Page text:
In a typical day of a professional athlete, you can only imagine how chaotic your scheduling could be. Let alone one of the best players in the world, Lebron James, guilty of a two-wheel heart-pumping work commute. While James was on his Miami Heat tenure (2010-14), he would frequently use his bicycle to commute for home games.
“I want to maximize everything I can and not waste an opportunity each and every day to compete and get better as a player,” James said in The Huffington Post. “I want to be the best. You’ve got to push the button sometimes.”
Incidences and examples like James’ and many other professional athletes, continue to truly show how powerful the bicycle is. The power to influence not only one city or country, but the world. Everyday people on our planet push for mobility, exercise, fun, or work, positively helping their bodies at a healthy cost to our planet. Fifty-Million in the bank, or .50 ¢, the bicycle doesn’t judge. Balance a bike to balance your life.
Sometimes the world seems so dangerous. We worry about accidents, cancer, and criminals potentially lurking around the corner. Actually, there's a much quieter, much closer concern that many of us overlook.
Inactivity is currently the world's fourth leading cause of death. It's a problem often confused and conflated with laziness and personal choice, but in reality the issue is geographic, systemic, and woven into the structure of modern living. (EuroNews)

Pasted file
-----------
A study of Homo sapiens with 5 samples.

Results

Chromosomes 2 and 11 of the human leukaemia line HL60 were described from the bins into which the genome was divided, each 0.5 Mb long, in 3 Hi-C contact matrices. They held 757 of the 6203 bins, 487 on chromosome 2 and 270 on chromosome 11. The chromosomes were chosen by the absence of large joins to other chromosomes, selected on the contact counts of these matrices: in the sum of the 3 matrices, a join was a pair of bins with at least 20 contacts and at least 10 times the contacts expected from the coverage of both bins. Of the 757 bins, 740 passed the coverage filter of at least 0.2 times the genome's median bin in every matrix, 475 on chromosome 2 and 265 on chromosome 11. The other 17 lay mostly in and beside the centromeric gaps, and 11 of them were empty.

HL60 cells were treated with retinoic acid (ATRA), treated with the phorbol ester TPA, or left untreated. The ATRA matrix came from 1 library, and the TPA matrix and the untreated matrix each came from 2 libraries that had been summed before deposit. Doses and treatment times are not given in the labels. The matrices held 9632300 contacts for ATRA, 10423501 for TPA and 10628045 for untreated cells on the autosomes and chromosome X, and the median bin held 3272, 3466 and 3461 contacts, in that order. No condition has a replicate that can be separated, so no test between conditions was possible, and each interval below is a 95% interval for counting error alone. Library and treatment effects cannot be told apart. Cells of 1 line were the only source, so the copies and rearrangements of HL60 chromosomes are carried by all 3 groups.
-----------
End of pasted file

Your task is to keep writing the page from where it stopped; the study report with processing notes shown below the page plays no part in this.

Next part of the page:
That statement may sound shocking, but the numbers back it up.
Biking is an enjoyable hobby for people of all ages. Whether you're tooling around the neighborhood or participating in road races, cycling is a great way to get fresh air and exercise.
Unfortunately, cycling can be dangerous. And it is important for us to bring awareness to the dangers of cycling to help all riders become highly alert of their surroundings when riding on the road. In 2020, nearly 700 cyclists were killed in crashes involving vehicles. Of those, a quarter were hit-and-runs, which means the driver fled the scene before police arrived.
Ever dream of thru-biking across the interior of the United States? Thanks to a decades-long project spearheaded by the Rails-To-Trails Conservancy, that trip is one step closer to fruition.
When completed, the Great American Rail-Trail will stretch from Washington D.C. to Washington state, encompassing nearly 3,700 miles along the way. The idea has been in the works for 50 years and more progress is being made every day.
About 80 miles of the trail are considered complete, but the Great American Rail-Trail already connects with existing bike trails. It's built on old railroad lines, hence the name. The path is made from paved asphalt, crushed stone and other materials.